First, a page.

Sunday next before Lent
15th February 2015
Revealing the glory of God
Our three readings today each tell us something of the spiritual experience of the ‘otherness’ of God.
Our first reading is one of the rare occurrences in the Hebrew Bible of an event that is not within human time, human space or everyday human experience. In it we hear of Elijah being taken into a state of being that was beyond time and space – a state of being that is here called heaven; he has moved from the world of the seen to the unseen. It is noticeable that, while the later idea of the resurrection connects death with passing into heaven, here Elijah passes into this spiritual state without the mention of death (even if it may be an unspoken understanding that that is what the story is about). The important element of the story is that Elijah’s wisdom and understanding has taken him beyond just understanding things as they appear on the surface to a more complete understanding that acknowledges that there are things to understand that are beyond our time and place – things that are truly eternal truths.
In the Christian scriptures and tradition the idea of heaven becomes a far more important element of understanding that it was in the Hebrew scriptures, and we see an example of this in Paul’s writing to the early Church in Corinth. In this letter Paul speaks of the ways in which it is only with an openness to deep understanding – and openness to faith – that full knowledge comes. Paul makes clear that the absolute truth that exists – in what we call God – is revealed to us in the human form of Jesus. He talks of the ‘light of the gospel’ which reveals the ‘glory of Christ…the image of God’. Whilst the Hebrew scriptures may have been content to explore how God acts in our time and place – with only rare hints at another approach – here we have an indication that the New Testament – the Christian message – brings a different dimension into play. Here we see that we are not just to content ourselves with the physical world in which we live, but we are to seek the deeper truth of a God who, as John says in his gospel ‘is love’ – we move beyond the tangible and material world to a world that is more mysterious, more fulfilling, and deeper in its meaning.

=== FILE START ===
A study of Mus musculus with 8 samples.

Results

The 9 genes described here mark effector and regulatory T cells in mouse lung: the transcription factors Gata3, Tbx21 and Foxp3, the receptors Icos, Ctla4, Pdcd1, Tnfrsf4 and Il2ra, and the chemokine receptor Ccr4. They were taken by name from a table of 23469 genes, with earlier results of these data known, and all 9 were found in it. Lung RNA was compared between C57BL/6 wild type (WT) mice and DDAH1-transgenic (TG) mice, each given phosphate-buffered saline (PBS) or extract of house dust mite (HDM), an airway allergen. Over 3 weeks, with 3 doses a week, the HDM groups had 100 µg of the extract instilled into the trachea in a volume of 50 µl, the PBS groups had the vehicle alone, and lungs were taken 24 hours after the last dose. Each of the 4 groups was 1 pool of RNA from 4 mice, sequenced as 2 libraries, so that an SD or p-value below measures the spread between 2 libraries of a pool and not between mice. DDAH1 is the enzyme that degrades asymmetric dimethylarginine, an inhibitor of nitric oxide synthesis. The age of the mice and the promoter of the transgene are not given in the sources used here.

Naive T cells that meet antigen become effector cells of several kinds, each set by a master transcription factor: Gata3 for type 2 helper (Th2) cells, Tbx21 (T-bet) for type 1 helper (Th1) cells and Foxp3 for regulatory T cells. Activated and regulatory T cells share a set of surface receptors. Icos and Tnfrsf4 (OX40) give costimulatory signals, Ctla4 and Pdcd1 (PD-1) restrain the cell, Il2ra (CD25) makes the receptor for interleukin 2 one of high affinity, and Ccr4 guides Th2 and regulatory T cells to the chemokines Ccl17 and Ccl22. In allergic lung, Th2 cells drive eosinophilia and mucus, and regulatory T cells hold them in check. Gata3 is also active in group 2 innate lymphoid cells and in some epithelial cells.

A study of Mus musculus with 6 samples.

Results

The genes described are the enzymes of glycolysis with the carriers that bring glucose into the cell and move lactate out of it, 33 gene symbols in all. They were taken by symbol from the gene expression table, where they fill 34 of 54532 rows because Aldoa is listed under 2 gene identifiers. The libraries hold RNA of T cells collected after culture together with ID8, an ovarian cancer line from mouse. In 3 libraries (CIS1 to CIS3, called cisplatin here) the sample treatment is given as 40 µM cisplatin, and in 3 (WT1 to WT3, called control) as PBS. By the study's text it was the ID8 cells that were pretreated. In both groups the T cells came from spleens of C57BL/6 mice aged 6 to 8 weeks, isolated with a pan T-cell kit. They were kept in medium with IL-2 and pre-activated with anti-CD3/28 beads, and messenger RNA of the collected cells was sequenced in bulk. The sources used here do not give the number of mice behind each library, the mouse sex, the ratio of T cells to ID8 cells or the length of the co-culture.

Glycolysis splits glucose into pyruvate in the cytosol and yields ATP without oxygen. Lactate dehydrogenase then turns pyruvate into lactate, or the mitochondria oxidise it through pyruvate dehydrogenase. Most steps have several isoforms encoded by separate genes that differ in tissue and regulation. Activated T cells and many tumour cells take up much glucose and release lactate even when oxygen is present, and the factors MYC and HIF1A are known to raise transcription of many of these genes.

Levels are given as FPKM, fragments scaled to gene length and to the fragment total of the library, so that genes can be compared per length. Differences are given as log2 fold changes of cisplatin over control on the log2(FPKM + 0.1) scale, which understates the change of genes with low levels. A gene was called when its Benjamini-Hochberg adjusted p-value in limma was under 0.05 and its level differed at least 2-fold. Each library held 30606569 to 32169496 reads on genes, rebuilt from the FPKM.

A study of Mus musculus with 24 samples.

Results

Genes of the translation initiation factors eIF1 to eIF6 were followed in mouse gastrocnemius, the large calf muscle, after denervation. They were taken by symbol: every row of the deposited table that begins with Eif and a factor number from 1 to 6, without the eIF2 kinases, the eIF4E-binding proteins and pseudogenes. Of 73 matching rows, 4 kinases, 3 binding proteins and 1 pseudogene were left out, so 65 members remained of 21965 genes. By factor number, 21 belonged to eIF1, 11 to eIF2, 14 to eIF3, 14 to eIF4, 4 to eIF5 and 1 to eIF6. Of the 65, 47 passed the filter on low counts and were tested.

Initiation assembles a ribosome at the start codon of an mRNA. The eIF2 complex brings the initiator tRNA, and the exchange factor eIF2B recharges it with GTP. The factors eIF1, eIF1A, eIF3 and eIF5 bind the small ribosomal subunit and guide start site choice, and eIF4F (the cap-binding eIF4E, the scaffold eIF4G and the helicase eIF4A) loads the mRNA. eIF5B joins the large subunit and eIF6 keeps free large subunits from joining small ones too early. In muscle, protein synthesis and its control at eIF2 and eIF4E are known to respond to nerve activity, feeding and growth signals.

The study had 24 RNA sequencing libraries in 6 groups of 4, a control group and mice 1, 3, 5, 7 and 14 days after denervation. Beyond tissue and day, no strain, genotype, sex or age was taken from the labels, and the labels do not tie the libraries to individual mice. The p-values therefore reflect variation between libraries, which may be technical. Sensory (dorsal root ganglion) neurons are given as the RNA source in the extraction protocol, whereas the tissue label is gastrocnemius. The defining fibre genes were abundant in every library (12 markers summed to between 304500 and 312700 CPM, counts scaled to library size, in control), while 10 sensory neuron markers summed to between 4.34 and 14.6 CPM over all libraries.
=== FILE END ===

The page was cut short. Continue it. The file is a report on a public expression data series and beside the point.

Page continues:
This brings us to the experience of the transfiguration that is the central event in our gospel reading today – an event where Jesus, in the presence of some close disciples, bridges that gap between heaven and earth – where the gap between our world of time and space dissolves to reveal a different experience – an experience that is touches the very nature of what God is – a God of love. Such moments – often sneaking up on us unawares and often lasting a fraction of a second have the potential for us too to see the gulf between heaven and earth dissolve. These experiences may be different for each of us – perhaps a breath-taking view whilst out walking, maybe the wonder of seeing the echo of creation in the patterns of physics, in the beauty of music, or feeling God’s presence in a place (like this) where people have prayed for centuries. Each of these (and so many more everyday things) have the potential to let us reach beyond our immediate experience to experience something of God.
This bridging of the gap is fundamental to what it means to be a Christian – it is at the heart of our daily prayer that heaven and earth may be one, and it should be at the heart of our life and work as a Church. For as Christians we are called to understand something of what it is for God to be love itself and truth beyond truth. It is our calling to let this seed, however small, dwell in our hearts – and as Paul says we are then to let it shine in our hearts, that it may shine in the darkness. This call – to shine as lights in the world is one that is made our own in baptism.
Over the coming weeks, as we approach Easter, we are provided with an opportunity to reflect on our faith – to look at the small fragments of heaven that we may have seen – and to look at how we find them revealed in Christ in the blazing hope of Easter. So as we travel through this coming Lent let us seek to dwell on those moments and those places where heaven and earth seem to melt away – and let us strive to kindle and grow that light which reveals God’s love in each of us. Together let us grow in prayer so that the light of God’s love might not be veiled from sight, as it was for some to whom Paul wrote, but might ‘shine out of the darkness’ to reveal the face of Christ – the glory of God.